As life insurers know all too well, overall levels of life insurance ownership are down in the United States. The problem is particularly pronounced in the middle market — the 52 million households with annual incomes between $35,000 and $100,000. In this segment, only 23 million households, or 44 percent, have life insurance. Yet, despite all of the debate and attention focused on this issue over many years, the industry has made little progress.
Making the most of this opportunity requires a top to bottom realignment of the value chain, as well as products that are built for the unique needs (and the more limited spending power) of the middle market. Insurers enjoying success in this area are, for the most part, focusing on the workplace, which, to paraphrase Willie Sutton, is where the middle market is.
With its lower distribution costs, the workplace is becoming increasingly compelling as a channel for reaching middle market consumers. Employers are rapidly making voluntary benefits a significant part of benefits strategy, and, in fact, we have seen that a large majority of employees say they value the ability to buy voluntary benefits at work.
There are five key elements to successful participation in the voluntary benefits market:
Develop a clear and focused strategy. Each employer market segment behaves uniquely, requiring different strategies, capabilities and competencies. Carriers trying to be all things to all employers often sub-optimize their voluntary benefits value proposition.
They need, instead, to identify their most easily leveraged assets, and then develop a clear and focused segment, channel and positioning strategy around them. For example, if the target segment is largely white-collar, multi-national companies attempting to leverage an independent agent distribution model will not work.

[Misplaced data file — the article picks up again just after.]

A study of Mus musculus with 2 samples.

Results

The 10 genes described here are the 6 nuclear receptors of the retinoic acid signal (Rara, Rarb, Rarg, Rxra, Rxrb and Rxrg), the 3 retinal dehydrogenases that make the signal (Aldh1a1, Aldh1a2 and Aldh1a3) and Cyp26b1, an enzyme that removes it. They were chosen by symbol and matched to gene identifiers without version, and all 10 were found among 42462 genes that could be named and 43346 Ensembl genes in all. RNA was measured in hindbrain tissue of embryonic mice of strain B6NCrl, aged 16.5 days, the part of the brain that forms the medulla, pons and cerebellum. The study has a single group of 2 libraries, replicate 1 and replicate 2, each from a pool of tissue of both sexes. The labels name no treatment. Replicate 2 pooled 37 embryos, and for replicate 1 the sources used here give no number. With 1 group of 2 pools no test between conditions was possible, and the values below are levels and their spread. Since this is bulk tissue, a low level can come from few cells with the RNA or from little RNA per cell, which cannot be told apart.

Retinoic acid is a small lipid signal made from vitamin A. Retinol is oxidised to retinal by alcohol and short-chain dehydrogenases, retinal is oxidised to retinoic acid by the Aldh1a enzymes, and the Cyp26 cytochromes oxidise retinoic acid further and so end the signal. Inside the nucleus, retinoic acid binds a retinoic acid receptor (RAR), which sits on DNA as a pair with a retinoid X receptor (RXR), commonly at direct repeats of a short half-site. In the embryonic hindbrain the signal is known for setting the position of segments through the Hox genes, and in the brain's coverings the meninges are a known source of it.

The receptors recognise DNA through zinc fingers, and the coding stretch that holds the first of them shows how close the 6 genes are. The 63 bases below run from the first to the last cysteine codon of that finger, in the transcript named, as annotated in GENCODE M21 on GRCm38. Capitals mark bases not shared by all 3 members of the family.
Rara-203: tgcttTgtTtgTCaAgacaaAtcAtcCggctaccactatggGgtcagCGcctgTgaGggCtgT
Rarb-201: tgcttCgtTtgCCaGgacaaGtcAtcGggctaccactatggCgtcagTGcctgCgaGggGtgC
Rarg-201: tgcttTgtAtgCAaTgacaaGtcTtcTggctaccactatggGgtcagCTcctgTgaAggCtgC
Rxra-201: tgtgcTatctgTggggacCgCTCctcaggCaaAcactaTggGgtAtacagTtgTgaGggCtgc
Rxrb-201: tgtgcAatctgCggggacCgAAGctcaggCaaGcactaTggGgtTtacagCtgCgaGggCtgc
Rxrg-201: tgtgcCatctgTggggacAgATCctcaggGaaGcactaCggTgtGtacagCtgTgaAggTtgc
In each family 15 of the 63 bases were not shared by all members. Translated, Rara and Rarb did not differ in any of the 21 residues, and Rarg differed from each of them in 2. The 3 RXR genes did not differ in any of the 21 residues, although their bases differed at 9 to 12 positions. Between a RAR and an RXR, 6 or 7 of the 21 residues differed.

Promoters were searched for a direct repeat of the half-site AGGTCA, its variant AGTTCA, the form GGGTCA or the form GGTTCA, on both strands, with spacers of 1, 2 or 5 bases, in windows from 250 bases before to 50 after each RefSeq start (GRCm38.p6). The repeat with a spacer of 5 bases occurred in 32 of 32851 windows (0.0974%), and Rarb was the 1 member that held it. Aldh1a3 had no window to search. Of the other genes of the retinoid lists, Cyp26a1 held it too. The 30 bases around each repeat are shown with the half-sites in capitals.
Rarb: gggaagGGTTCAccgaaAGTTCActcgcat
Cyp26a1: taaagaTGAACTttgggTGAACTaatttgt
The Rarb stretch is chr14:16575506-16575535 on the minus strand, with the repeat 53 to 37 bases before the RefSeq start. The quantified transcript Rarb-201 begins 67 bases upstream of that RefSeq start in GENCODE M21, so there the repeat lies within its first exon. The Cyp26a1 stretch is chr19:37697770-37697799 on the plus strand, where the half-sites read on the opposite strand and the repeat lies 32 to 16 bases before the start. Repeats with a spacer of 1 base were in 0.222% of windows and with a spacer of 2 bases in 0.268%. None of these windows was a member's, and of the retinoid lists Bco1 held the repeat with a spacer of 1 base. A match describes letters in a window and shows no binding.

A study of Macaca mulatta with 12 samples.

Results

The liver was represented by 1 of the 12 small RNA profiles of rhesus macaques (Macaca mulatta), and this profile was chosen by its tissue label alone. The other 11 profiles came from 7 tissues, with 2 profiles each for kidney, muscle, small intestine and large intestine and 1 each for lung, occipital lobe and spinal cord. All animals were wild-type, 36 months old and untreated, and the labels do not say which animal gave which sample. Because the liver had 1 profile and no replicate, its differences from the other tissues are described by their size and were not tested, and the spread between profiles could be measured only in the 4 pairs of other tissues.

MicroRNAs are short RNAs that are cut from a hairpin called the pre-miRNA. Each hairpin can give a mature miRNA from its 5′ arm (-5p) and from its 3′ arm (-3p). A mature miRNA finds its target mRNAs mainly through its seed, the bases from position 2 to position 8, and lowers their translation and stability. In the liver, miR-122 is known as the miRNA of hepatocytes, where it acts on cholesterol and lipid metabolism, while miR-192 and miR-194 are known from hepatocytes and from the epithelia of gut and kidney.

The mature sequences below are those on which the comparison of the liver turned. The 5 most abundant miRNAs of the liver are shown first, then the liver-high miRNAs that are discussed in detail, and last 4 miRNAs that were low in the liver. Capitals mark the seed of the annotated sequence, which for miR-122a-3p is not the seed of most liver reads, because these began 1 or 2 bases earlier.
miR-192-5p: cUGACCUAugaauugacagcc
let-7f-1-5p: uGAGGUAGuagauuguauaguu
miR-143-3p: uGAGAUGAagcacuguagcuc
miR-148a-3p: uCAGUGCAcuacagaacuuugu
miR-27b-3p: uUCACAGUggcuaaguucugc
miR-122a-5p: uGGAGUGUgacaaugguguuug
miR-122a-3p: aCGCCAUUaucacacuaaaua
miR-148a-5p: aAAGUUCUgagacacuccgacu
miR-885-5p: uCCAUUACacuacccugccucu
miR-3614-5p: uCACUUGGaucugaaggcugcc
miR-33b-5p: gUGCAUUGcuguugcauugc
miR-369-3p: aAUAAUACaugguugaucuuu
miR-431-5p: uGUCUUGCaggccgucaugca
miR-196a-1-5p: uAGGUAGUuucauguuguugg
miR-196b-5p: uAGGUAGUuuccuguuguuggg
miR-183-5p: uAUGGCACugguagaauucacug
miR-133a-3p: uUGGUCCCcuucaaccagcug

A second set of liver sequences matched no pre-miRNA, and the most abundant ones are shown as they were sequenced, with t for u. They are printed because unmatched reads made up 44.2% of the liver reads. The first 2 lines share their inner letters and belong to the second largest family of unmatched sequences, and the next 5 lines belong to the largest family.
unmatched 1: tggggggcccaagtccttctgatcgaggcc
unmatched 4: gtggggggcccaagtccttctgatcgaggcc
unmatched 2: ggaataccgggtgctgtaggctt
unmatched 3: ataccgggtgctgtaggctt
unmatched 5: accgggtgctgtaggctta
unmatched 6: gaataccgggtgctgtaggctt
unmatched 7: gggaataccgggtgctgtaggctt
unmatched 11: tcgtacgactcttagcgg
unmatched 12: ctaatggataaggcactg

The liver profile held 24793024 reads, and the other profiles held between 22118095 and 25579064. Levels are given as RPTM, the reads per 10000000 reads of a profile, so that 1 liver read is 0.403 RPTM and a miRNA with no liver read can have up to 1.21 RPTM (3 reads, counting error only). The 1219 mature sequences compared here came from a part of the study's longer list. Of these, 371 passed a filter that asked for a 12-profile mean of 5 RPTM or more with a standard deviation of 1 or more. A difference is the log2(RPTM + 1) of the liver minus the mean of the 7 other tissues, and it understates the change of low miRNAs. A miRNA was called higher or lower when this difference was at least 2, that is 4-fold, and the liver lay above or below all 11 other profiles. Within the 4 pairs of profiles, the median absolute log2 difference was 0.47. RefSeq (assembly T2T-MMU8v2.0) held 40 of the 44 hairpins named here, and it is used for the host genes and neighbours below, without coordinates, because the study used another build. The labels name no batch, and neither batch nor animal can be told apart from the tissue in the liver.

Such a segment will need a highly complex inside sales force that partners with clients and their consultants to offer the appropriate product choices, enrollment and service experience.
Offer a broad portfolio. Studies show that almost half of employers that currently offer voluntary benefits say they are likely to increase the number of products offered in the next two years. That’s because employee interest in receiving more voluntary benefits through their employer continues to grow.
Having a broad portfolio of voluntary products will be a competitive advantage, and can lead to deeper relationships with employers and employees alike. Offering nontraditional voluntary benefits, such as auto and homeowners’ insurance, can also increase employee interest and provide competitive differentiation. New entrants to the voluntary market have sometimes launched one or two products, trying to dip their toes. Unless that one product is a game-changer, there is little probability of sustained results.
Just because critical illness has been the fastest growing product, launching critical illness and hoping for success is not a viable strategy. Carriers will need to deliver a broad portfolio that includes a range of supplemental health products, life insurance and other protection products, and, potentially, disability, dental and vision insurance to satisfy the needs of their target segments.